Sometime in the fall of 2009 I realized that I was having trouble keeping the topics and titles of the many books I have read straight. To fix the problem I started “an annotated bibliography of everything,” recording the bibliographic information and a concise (usually 3-5 sentence long) review of every book I finished from that point forward. Keeping it up to date can be a bit tedious, but in this case the rewards of tedium redeem its costs. One of the neat things it allows me to do is list everything I have read over the course of any given year.
Last January I published the full list of books I read in 2013. I still do not quite understand why that list was so well-liked, but liked it was, earning a spot as one of the most popular posts published on the Scholar’s Stage that year. It success has convinced me to repeat the formula and make this an annual tradition. Thus I gladly present the next list: “Every Book I Read in 2014.”
The following list of books is roughly chronological, listed by the time when I finished, not started, each book. It is a bit shorter than last year’s. I attribute this to the number of books that I read this year that I read only in part, and to the increased amount of time I spent with language study and practice. I set a goal to read more fiction this year, and that I did, though it might not be immediately apparent. While the number of fiction titles is not much larger than appeared on last year’s list, the length of the novels that do appear are all quite long (most more than 800 pages), meaning I spent much time reading fiction this year than I did before.
I have bolded the ten best books of the year (as was the case last year, books that I have read before–such as Sima Qian’s Record of the Grand Historian–were disqualified). If I wrote a book review or review essay for the book here at the Stage or at Amazon then I have placed a link next to its citation.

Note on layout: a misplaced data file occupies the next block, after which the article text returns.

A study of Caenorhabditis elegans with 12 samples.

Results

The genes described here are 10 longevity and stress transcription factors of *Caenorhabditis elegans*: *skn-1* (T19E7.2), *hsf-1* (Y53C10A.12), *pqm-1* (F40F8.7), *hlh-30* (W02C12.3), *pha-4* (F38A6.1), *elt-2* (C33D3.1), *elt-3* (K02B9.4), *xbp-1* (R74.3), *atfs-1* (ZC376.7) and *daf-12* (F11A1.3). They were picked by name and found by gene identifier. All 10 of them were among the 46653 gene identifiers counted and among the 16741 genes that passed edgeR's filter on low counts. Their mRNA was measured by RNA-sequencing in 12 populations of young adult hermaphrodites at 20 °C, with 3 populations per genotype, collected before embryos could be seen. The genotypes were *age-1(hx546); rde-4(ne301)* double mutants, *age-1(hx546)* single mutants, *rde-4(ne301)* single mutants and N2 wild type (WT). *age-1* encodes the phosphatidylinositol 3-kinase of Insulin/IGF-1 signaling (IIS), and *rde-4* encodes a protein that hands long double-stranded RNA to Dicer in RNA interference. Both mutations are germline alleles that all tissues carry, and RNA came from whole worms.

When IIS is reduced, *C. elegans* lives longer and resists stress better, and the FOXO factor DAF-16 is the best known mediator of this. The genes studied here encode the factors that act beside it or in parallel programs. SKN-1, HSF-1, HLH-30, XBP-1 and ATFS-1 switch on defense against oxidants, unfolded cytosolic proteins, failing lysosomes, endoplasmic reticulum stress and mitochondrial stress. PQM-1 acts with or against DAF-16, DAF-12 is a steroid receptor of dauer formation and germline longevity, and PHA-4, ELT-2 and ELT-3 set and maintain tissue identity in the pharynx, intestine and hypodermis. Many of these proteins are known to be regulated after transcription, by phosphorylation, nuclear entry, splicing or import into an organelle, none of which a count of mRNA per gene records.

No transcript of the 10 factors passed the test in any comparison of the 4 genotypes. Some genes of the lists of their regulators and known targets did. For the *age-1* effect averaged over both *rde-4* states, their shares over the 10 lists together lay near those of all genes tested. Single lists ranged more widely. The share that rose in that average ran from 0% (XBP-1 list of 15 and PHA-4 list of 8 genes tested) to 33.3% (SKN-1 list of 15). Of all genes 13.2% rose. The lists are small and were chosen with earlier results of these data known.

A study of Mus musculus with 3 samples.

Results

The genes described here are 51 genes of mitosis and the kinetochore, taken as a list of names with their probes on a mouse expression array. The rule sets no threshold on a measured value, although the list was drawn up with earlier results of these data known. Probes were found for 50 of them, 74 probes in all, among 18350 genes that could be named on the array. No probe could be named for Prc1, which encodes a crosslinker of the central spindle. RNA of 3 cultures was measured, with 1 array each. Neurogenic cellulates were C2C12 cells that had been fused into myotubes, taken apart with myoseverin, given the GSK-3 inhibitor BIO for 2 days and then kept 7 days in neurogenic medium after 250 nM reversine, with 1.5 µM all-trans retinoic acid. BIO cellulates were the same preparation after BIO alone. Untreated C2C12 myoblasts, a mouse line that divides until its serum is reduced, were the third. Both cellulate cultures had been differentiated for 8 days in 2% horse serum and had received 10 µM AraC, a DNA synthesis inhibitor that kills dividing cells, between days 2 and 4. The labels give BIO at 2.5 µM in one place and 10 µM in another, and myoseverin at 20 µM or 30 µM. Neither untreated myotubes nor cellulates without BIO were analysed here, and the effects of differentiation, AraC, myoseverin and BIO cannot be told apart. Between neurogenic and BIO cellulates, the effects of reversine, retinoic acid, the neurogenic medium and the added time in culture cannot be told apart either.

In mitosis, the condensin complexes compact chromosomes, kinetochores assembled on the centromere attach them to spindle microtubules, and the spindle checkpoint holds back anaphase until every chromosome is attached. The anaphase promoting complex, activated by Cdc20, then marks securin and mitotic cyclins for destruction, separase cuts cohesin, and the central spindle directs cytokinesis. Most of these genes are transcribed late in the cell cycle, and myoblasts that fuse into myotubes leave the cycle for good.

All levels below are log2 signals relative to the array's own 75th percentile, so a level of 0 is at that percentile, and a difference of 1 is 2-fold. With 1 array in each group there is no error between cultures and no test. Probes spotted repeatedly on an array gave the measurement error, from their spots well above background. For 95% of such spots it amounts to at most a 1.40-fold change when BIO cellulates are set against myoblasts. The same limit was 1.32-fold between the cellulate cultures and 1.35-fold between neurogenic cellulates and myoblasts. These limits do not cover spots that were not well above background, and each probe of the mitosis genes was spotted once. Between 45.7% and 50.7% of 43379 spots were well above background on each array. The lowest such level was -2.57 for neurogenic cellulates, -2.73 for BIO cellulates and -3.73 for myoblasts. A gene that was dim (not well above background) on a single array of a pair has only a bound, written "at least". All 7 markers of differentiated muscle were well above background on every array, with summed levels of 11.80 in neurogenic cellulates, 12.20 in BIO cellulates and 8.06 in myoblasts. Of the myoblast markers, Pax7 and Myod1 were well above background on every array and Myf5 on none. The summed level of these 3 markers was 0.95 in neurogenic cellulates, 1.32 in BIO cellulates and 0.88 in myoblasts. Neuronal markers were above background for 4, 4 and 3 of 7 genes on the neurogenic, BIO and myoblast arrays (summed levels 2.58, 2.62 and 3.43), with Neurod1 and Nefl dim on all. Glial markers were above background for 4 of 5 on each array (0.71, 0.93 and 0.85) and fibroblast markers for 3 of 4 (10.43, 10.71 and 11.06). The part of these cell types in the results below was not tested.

Dang Thuy Tram, Last Night I Dreamt of Peace, trans. Andrew Pham (New York: Harmony Books, 1991).
Hayslip, Le Ly and Jay Wurts, When Heaven and Earth Changed Places, (New York: Doubleday, 1989).
Pyle, Kenneth, Japan Rising: The Resurgence of Japanese Power and Purpose (New York: Public Affairs, 2007). [Scholar’s Stage post-Pending]
Kirk, Donald, Korea Betrayed: Kim Dae Jung and the Sunshine (New York: Palgrave MacMillan, 2009)
Pettis, Michael, The Great Rebalancing: Trade, Conflict, and the Road Ahead for the Global Economy (Princeton: Princeton University Press, 2013).
Yu Ying-shih, Trade and Expansion in Han China (Berkeley: University of California Press, 1967).
Ames, Roger, trans., The Art of Rulership: A Study in Ancient Chinese Political Thought (Albany: SUNY Press, 1994).
Anderson, Qin-Hong, ed. Masterworks Chinese Companion (Boston: Cheng and Tsui, 2007).
Liu An, The Huainanzi: A Guide to the Theory and Practice of Government in China, trans. John S. Major, Sarah Queen, Andrew Meyer, and Harold D. Roth, trans. (New York: Columbia University Press, 2014).
De Bary, William Theodore, Sources of the East Asian Tradition, vol I: Pre-modern East Asia (New York: Columbia University, 2008).
I also read substantial portions of (100 pages+), but did not finish, Kelly’s The Forager Spectrum: Lifeways of Hunter-Gatherers, Fernandez-Armesto’s Civilizations, Fieldhouse’s Economics and Empire, Whittaker’s Frontiers of the Roman Empire, the Book of Mormon, Shapiro’s translation of Outlaws of the Marsh, Yate’s translation of The Five Lost Classics, Schwartz’s The World of Thought in Ancient China, Loewe’s A Biographical Dictionary of Qin, Former Han, and Xin Periods and Crisis and Conflict in Han China, Di Cosmo]s (ed.) Military Culture in Imperial China, Fairbank’s (ed.) Chinese Ways in Warfare, Johnston’s Cultural Realism, The Old Testament, Baugmart’s Imperialism, Brocheux and Hemery’s Indochina: A History, Gat’s War in Human Civilization, Quinn’s, The French Overseas Empire, Bold’s Mongolian Nomadic Society, Chu’s Han Social Structure, The Cambridge History of Southeast Asia Vol 3, From 1800-1900, The Cambridge History of Chia, Vol I: Ch’in and Han, and The Cambridge History of Japan, Vol 3: Medieval Japan.
What were the best books you read in 2014?